Here's one for you. To wig or not to wig, that is the question. As an indication of how mind paralysingly tedious the legal profession can be some times, there is currently a heated debate about who should be wearing wigs.
What Kind of Question is That?
The obvious answer to the uninitiated might be, "Those lawyers whose are follicularly challenged." Not so. For some time now Barristers (or collectively the Bar)have defended their exclusive right to wear a horsehair wig as part of their court dress. I am sure everyone is familiar with their look but what is their purpose.
We are all equal (just some of us are more equal than others).
The purpose of the wig (and black batman robe) was to give anonymity to the advocate and to give gravitas to the court proceedings. For those that mock the appearance of advocates, try being cross examined for fifteen minutes by some bewigged, black robed nightmare. I guarantee that it's a least a two changes of underwear experience. Nonetheless, despite the early altruisms of equality, the wig cartel has now established itself.
Solicitors, Barristers - Who are these people?
In simple terms, a solicitor is the chap in a suit that you would consult if you had a legal problem. They operate from practices all over the country. On the whole they do quite a lot of work in the minor courts (i.e County Court, Magistrates etc) but they do not have the rights to appear in the High Court, Court of Appeal and House of Lords. Enter the Barrister who has all these rights and is usually engaged on the advice of a solicitor because the Barrister is very specialised in his area of law. Barristers wear wigs, solicitors don't.
Now let's just complicate this a bit further to see if you're following me. Solicitors can now (by dint of further study and examinations) obtain qualifications that allow them to appear in the higher courts and, in fact, do everything that a junior barrister can do.
However, they are not entitled to wear a wig.
What a difference a wig makes.
If we go back to first principles it seems that solicitors are being denied their right to the anonymity that a wig should provide. The question is why. Is the wig being used as a status symbol? Perhaps so, but in the scheme of things does it really matter? You see, increasingly large amounts of proceedings (particularly matters involving children) are being conducted without wigs and gowns. I for one applaud this. I have to say that this is not all liberal minded egalitarianism on my part.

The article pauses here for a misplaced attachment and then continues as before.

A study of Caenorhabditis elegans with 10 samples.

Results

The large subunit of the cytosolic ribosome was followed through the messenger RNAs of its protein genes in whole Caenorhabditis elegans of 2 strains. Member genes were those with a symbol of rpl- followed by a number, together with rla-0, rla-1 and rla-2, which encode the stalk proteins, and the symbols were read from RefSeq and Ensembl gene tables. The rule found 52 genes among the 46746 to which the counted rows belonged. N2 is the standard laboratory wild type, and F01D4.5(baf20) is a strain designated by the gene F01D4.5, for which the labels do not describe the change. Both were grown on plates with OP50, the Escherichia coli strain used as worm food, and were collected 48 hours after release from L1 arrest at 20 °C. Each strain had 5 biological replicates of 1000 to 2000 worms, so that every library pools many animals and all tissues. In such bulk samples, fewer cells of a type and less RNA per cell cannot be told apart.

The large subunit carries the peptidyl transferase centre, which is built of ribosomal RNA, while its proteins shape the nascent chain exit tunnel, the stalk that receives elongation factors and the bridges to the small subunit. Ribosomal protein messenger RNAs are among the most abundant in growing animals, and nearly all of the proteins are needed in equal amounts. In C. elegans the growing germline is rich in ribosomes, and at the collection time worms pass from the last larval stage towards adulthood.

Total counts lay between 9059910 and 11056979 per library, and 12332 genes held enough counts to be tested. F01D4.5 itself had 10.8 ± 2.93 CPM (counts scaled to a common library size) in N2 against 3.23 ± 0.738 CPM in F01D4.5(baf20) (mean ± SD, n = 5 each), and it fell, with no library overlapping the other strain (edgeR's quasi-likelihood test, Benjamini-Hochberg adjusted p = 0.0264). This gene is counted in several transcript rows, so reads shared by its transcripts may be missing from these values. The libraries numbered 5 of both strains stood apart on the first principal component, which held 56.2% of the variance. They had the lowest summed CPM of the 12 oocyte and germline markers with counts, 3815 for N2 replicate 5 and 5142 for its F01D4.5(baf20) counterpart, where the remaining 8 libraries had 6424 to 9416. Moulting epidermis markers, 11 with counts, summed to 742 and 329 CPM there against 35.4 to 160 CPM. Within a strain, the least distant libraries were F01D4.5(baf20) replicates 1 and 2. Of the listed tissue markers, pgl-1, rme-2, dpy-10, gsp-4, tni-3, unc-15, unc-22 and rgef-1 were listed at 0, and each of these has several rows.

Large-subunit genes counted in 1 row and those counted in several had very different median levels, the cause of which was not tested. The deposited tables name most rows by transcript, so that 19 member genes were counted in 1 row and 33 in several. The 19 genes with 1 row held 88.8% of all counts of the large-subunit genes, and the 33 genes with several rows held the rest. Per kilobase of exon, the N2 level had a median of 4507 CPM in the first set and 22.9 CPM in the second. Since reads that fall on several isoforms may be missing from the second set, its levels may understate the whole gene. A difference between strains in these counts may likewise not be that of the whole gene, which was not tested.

Air-Con, Air Con, my Kingdom for Air Con.
I'm sorry to say that not many of the English and Welsh Courts have managed to get to grips with the concept of air conditioning. In these cases, wigs and robes are, effectively, a mobile sauna, worn, as they are, over a suit. Picture if you will the scene with the temperature reaching 24 degrees as you done your heavy black cotton robe and thick horsehair wig. It's heat exhaustion waiting to happen.
I suspect most people's view will be "Who cares". I can understand this but before those people shuffle off dismissing this issue entirely, remember:
- The wig was used to give anonymity so the advocate could prosecute his case without fear or favour
- It appear that the wig is now being used as a status symbol within the legal profession.
- It's really hot and uncomfortable
- It's damn expensive
What do I think?
In a nutshell, keep the robes and lose the wigs. This retains the formailty and uniform appearance and, in my view, gives you just as much anonymity as when you've got half a horse's posterior on your head.
I leave to you to comment on what you would prefer to see and to, perhaps, guess which branch of the profession I work in.